The US government has revealed details of its latest IT procurement strategy, which includes the introduction of a “cloud-first” policy from 2012.
“We are reducing our data center footprint by 40 percent by 2015 and shifting the agency default approach to IT to a cloud-first policy as part of the 2012 budget process,” Jeffrey Zients, deputy director of the Office of Management and Budget, wrote in a blog post earlier this month.
Other reforms to the government’s IT procurement strategy include introducing a formal career track for “program management” and “aligning the IT acquisition process to the technology cycle”.
Zients also outlined how the Office recently cut $1.6 billion in cost from US government IT projects.
This involved cancelling two projects but also “pulling forward meaningful functionality in two other projects, “resulting in almost $230 million in budget reductions”, and decreasing the scope of three others.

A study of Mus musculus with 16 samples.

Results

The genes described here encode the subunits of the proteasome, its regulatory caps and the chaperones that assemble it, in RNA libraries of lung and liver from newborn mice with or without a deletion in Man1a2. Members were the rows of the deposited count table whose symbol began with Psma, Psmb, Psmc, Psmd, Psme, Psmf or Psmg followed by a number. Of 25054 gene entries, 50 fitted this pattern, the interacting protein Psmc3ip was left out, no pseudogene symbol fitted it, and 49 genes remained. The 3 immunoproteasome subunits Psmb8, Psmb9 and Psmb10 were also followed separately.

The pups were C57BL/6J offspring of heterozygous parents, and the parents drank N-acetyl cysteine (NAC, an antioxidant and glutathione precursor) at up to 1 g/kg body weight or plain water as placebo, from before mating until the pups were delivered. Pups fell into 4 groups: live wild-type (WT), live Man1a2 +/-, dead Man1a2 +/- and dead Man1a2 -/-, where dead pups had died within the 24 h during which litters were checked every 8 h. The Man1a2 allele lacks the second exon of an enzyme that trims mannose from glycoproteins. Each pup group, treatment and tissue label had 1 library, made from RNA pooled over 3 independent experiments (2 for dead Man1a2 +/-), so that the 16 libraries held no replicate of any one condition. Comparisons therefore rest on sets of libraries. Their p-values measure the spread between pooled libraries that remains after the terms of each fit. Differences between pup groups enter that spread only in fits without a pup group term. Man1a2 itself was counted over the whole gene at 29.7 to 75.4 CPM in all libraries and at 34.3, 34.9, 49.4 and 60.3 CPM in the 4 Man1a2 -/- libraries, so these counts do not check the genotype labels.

In January 2010, US government CIO Vivek Kundra introduced a scheme called TechStat, in which ongoing projects are reviewed by agency heads and staff from the Office of Management and Budget, along with “input from the American people”.
“TechStat sessions enable the government to turnaround, halt or terminate IT investments that do not produce dividends for the American people,” Kundra wrote at the time.
“We’ve held dozens of TechStat review sessions,” Zients wrote this week, “resulting in faster deliverables, terminations of projects that didn’t work, and most importantly turned around projects that were in trouble.”